Return to Freedom purchased this eye-catching stallion from the Bureau of Land Management for $25, less than the cost of adopting a dog or cat at many shelters.
We named him Black Moon.
RTF operates a sanctuary willing to give a home to older, in-tact stallions like him; few others will take in a stallion that has not been gelded, let alone a mature stallion (indeed, during the same online BLM auction, a bidding war broke out over an older stallion that had generated buzz but that later died under anesthesia while being gelded).
On March 20, 2015, the day of the auction, no one was bidding on Black Moon, who’d lost his freedom during a roundup on the Sulphur Herd Management Area in Utah. BLM said that he was 20 years old (under the law, sale-eligible wild horses and burros are those passed over for adoption three times or that are 10 years or older).
Fearing that they’d fall into the hands of a kill buyer, RTF purchased Black Moon and his buddy Merlin for $25 apiece.
We bought them at a time when the agency’s limit was no more than four sale-eligible wild horses every six months without special permission.
In May of this year, BLM quietly changed that sale policy. Now, one buyer can purchase up to 24 wild horses or burros per day — with no waiting period, no oversight, and no questions asked.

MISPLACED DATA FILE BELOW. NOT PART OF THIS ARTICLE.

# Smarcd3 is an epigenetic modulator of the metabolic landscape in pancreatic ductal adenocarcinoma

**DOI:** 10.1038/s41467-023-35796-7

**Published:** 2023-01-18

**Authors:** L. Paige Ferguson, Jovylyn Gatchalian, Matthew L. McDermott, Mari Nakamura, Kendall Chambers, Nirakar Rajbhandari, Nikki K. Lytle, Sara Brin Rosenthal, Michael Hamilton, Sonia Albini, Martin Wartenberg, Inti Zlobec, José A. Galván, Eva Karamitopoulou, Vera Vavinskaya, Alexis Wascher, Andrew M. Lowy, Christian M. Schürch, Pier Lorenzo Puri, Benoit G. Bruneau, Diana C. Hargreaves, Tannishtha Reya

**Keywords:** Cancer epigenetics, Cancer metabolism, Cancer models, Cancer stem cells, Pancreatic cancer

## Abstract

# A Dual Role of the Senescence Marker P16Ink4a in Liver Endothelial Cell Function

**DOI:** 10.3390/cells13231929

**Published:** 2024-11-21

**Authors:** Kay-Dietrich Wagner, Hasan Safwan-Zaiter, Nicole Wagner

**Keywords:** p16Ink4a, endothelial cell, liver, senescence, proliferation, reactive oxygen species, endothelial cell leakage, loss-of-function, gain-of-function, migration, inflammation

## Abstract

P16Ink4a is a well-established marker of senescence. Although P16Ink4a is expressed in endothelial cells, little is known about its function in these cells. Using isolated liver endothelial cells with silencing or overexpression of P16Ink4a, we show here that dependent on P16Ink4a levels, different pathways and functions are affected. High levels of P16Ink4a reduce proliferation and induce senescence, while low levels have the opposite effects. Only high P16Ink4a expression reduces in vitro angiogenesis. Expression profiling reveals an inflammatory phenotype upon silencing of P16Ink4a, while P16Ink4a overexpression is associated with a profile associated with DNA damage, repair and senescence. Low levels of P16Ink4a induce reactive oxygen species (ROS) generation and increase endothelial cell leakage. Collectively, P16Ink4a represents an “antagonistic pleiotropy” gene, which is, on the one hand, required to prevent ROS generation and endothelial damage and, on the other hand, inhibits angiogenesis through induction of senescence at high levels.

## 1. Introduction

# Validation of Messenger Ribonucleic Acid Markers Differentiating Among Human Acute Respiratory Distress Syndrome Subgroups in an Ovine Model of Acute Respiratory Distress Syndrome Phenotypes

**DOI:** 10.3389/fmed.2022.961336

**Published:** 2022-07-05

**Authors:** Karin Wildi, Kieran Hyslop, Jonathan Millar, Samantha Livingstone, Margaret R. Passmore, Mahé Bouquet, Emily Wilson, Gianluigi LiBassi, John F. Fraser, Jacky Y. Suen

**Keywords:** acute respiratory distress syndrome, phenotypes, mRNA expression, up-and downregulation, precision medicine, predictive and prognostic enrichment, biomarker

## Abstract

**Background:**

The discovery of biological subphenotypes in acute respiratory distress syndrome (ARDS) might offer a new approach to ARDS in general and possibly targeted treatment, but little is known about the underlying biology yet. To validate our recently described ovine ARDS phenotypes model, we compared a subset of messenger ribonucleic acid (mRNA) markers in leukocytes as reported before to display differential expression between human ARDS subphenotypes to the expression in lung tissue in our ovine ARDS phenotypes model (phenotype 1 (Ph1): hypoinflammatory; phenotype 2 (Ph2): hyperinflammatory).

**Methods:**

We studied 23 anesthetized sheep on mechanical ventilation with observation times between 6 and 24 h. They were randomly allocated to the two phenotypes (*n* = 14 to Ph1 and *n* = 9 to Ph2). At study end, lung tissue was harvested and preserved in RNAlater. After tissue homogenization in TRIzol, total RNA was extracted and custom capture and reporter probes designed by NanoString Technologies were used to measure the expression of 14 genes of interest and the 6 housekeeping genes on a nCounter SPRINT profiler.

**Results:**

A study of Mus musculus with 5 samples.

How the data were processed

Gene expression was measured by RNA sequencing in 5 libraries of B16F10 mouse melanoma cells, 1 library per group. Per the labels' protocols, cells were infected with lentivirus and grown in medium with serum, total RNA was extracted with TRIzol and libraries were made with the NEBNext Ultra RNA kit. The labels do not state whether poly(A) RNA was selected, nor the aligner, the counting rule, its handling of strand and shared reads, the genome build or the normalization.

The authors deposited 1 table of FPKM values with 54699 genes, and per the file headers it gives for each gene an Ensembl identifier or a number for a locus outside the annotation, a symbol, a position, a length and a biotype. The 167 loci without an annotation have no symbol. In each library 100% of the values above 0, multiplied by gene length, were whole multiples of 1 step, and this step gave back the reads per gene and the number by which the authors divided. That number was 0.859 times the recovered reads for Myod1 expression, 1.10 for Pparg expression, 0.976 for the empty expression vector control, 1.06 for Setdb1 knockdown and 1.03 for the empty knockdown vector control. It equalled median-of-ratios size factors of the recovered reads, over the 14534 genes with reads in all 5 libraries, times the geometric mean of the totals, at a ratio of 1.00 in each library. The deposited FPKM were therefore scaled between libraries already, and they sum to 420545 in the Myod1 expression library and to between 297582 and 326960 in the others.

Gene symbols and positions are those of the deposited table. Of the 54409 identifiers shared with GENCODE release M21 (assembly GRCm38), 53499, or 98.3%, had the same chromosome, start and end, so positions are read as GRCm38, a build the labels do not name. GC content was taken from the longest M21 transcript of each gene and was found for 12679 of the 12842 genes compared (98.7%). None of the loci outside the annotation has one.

That means a single person could conceivably purchase 8,760 wild horses or burros in a single year.
Think about it: Who besides someone buying wild horses on the cheap and transporting them to slaughterhouses purchases hundreds — even thousands — of animals?
Another question: How do we measure the suffering of a wild horse captured, after living its whole life on the range, or the terror of a wild horse that finds itself in a crowded trailer headed south to Mexico or north to Canada for slaughter?
BLM says it does not sell to known kill buyers.
Believing that requires that the public place trust in an agency trying to rid itself of wild horses through back door, even as advocates fight a push by the same agency to use dangerous, costly and unproven field sterilization surgeries on wild mares.
Believing that requires that we trust BLM over our own eyes (and those of our veterinarians’) when we look at many wild horses now living at our sanctuary that BLM once branded for long-term holding or sale that couldn’t have been 10 years old at the time of sale.
We cannot let BLM’s sale policy change stand.
America’s wild horses and burros – including mature stallions like Black Moon – deserve a better fate than slaughter.